By: Maria Sotero
April 11, 2010
There aren't too many tax fans around these days. Times are hard, people are working harder, and government programs designed to be solutions are often seen as part of the problem. More than ever, tax season is a dreaded time.
And while we're dreaming, let's make one that creates jobs in San Diego County too.
Well, wake up, because it's real. Not only is there indeed a tax credit that helps families, stimulates the economy and creates jobs, but the San Diego region in particular stands to benefit from it.
It's called the Earned Income Tax Credit, or EITC, and here's the stunner: it was created back during the Nixon administration. While it has long been called the federal government's most effective antipoverty program, research released recently by the New America Foundation is calling attention to the incredible boost the EITC gives to San Diego's economy.
Programs like this one have been proven to stimulate the economy because they place money into the hands of those who are likely to spend it immediately. The report shows these federal refundable tax credits have a ripple effect - when families claim this credit, they generally spend most of it within their communities.
The grocery store, the auto repair shop, the cleaners - businesses like these see increased sales, and can then hire and pay more employees.
The report, authored by economists at California State University Fresno, estimates that families spending their refunds in San Diego County generated $350 million dollars in sales at local businesses, which then created 2,000 jobs that paid $87 million in wages.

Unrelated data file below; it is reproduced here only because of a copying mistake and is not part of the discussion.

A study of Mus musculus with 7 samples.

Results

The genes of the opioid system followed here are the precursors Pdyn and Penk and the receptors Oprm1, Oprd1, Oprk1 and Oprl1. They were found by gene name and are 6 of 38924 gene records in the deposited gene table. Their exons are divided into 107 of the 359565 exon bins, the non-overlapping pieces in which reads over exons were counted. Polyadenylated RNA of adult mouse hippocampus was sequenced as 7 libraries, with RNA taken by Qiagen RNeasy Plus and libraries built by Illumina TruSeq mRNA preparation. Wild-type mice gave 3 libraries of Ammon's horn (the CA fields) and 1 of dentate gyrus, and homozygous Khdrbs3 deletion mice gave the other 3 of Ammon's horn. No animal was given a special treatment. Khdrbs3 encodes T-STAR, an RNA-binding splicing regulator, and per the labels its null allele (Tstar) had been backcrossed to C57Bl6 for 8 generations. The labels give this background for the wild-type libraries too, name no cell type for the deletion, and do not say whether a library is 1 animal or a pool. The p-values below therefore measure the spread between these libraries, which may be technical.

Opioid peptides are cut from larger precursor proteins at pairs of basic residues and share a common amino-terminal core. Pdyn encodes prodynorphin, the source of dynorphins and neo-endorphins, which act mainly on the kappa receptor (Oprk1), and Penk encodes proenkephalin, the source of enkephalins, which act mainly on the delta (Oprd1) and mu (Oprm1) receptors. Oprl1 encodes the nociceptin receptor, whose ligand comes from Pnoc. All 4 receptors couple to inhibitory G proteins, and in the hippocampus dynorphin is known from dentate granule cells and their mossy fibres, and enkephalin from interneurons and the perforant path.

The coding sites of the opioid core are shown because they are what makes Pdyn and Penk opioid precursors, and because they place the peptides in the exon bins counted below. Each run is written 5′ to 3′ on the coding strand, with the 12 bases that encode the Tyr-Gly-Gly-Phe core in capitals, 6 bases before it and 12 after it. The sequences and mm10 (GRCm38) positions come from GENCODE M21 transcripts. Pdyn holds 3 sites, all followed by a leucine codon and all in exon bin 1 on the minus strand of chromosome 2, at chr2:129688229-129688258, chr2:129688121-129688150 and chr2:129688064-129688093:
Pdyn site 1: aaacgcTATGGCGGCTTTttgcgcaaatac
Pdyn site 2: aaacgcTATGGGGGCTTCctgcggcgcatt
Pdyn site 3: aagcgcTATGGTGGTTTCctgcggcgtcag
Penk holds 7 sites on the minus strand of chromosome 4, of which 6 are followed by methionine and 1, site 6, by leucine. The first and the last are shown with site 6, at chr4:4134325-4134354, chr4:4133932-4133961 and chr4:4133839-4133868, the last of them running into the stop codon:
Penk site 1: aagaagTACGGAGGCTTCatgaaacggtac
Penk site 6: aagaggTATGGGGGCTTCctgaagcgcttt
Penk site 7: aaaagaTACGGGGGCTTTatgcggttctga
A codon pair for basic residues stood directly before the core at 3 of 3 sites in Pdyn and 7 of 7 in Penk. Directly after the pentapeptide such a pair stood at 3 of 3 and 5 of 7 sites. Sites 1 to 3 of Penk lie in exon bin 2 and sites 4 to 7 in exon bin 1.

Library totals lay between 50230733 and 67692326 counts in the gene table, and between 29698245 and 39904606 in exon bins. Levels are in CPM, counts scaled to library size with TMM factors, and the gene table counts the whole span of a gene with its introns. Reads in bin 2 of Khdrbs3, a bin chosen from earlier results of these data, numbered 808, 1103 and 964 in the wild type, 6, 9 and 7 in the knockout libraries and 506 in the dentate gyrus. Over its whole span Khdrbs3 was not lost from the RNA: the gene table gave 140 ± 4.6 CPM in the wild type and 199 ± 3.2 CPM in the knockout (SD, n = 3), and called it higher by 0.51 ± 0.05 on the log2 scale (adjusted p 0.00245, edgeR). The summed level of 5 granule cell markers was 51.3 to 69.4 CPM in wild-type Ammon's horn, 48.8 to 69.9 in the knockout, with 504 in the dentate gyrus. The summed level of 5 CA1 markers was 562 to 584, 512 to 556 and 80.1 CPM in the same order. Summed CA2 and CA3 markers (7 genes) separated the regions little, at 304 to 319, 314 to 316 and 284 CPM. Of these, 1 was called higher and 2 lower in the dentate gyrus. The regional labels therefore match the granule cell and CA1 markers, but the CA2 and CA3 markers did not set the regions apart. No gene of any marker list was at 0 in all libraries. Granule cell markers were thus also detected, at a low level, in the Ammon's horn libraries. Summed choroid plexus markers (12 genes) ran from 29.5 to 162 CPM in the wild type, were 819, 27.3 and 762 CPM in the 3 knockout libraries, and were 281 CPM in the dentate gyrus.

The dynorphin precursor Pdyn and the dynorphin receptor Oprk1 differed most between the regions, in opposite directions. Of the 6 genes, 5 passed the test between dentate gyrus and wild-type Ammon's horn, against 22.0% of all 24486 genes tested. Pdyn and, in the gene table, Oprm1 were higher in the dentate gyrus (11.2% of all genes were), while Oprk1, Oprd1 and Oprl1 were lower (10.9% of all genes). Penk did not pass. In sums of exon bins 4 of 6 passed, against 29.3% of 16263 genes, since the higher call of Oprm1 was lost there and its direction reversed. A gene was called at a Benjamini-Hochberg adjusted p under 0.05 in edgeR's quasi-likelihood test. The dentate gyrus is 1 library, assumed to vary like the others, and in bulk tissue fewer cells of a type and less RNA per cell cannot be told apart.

Here and now, the credit matters. More people are likely eligible this year, since incomes are lower due to the tanking economy and high unemployment rates. The program has bang for the buck during tough times. And there's another reason the EITC is important this year, in the San Diego area and California overall.
As a part of the American Recovery and Reinvestment Act, the EITC has been temporarily expanded, so more people qualify and receive larger credits. The income limit is $48,279 for married couples filing jointly, and the maximum credit has been increased to $5,657 for families with three or more children.
So what's the problem? Many stimulus dollars that should go to families' pockets and to our communities are instead going unclaimed.
The Internal Revenue Service has estimated that California's qualified non-filer rate - the percentage of those qualified who don't apply - is 24.9 percent, the highest in the nation.
Whether because people are confused about the credit or simply don't know it exists, tens of thousands of people in San Diego don't claim the EITC. That hurts businesses too.
The report by the Fresno State authors forecasts San Diego County's economy will to lose more than $96 million in sales and 570 jobs because of unclaimed credits this tax season. That's more than will be foregone in all but two other counties - Los Angeles and San Bernardino - in the state.
Ask any family trying to make ends meet if they could use a refund that averages $1,900. And ask any business owner if he or she thinks the regional economy would benefit from that $96 million that would be spent within the county.
The bottom line is that the EITC is a tax program that benefits the bottom line of businesses as well as families.
We know that many workers who would be qualified are not claiming their refund.
This year, many would prefer that this money be used by families and businesses, instead of sitting unclaimed in Washington, D.C.